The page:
Friday, April 24, 2009

Total of iPhone users + total of apps + total of downloads = failure???

An interesting post, from Nick Jones a member of the Gartner blog, where he believes that the ROI of iPhone apps is not obvious given huge numbers of apps available and the small market shares (compare to total smartphones market).

I think this is something to keep in mind when launching an iPhone application, but Nick Jones' calculations doesn't count the value of the iPhone brand which brings a value to an iPhone apps launch. He did mentioned the need to be less emotional and more arithmetic in the pros and cons to use the iPhone, but emotions in brands count, count a lot in fact.

So while arithmetics are important, don’t forget about the marketing aspect of launching an iPhone application. It could generate already way enough return on the buzz talk around the fact that you have an iPhone available, doesn’t really matter if a lot of your customers use it or not… Furthermore, it will let developers (and the marketers too) start to learn distributing their apps on smartphones, even if the technology will change, they can learn the best practices.

Nevertheless, read Nick Jones post, his point of view is worth keeping in mind too before investing in iPhone apps!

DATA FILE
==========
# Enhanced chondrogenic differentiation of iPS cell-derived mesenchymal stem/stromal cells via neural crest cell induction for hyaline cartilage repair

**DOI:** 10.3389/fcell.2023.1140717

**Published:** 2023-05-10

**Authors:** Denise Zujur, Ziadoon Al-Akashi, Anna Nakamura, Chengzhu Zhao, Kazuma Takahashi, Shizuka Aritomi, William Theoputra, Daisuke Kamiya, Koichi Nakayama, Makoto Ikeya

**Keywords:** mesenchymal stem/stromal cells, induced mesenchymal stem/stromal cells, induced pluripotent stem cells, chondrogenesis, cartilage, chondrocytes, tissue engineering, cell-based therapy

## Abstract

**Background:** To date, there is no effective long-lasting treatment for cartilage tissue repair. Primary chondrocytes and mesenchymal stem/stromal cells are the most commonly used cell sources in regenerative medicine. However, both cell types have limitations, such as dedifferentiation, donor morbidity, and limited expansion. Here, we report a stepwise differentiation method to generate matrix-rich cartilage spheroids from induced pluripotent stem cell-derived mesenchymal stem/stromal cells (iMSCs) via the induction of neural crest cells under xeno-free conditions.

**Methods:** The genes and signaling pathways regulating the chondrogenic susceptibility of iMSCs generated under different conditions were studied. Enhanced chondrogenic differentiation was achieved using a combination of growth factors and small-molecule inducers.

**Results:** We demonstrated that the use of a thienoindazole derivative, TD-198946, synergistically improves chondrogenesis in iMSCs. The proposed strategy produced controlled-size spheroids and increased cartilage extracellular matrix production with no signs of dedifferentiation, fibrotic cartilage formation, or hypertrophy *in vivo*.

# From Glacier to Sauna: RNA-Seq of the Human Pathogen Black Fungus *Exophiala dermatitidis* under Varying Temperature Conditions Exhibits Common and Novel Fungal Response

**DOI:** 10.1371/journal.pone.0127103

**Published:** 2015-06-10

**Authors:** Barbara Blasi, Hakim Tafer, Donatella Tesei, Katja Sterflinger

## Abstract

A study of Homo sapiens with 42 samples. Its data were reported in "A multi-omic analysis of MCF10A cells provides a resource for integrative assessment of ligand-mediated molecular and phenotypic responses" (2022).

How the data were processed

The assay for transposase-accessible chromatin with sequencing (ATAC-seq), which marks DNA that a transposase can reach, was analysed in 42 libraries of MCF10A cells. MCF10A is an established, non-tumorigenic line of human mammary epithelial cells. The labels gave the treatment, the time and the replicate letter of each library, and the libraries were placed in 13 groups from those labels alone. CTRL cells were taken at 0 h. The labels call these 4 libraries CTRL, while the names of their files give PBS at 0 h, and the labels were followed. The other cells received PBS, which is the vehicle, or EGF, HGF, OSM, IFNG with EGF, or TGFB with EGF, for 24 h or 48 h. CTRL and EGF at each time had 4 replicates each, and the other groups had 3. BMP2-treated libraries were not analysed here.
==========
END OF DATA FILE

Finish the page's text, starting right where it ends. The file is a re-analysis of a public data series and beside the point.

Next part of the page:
Tuesday, April 14, 2009

Leverage Negative domain names and rumors on social media/blogs

I have just read a blog post on regarding buying domain names which are negative to brands.

I am sorry, but have to strongly disagree, pro-actively buying negative domain names (DNs) is a very bad idea and it doesn't work! Here is why:

- you encourage DNs hackers to buy negative DNs related to your trademarks > since you care, they find you a more interesting target

- negative DNs are unlimited, one day it is and the next day, it is > DNs hackers will always be one step ahead of your protective buying actions

- this had been the strategy of companies 10 years ago when negative DNs appeared, they failed and they stopped doing this!

This is what you should do:
- try first to manage well your real trademarks and the content of your brand web sites, which add real value for customers

- of course, "listen" to what happens on the Internet, DNs, furthermore in blogs and social networks (rumors and negative posts or groups can also appear here) and take the following actions:

a) understand the reason why this happened and first think about this as an opportunity, instead of a threat, to change the way you produce, manage and/or sell your products/services

b) take legal actions, if you strongly believe this a threat impacting your brand/stealing your trademark, but go back to a) as well to look for better products/services

c) if you don't have the opportunity to leverage your products/services nor that this is real brand/trademark impact - just ignore them!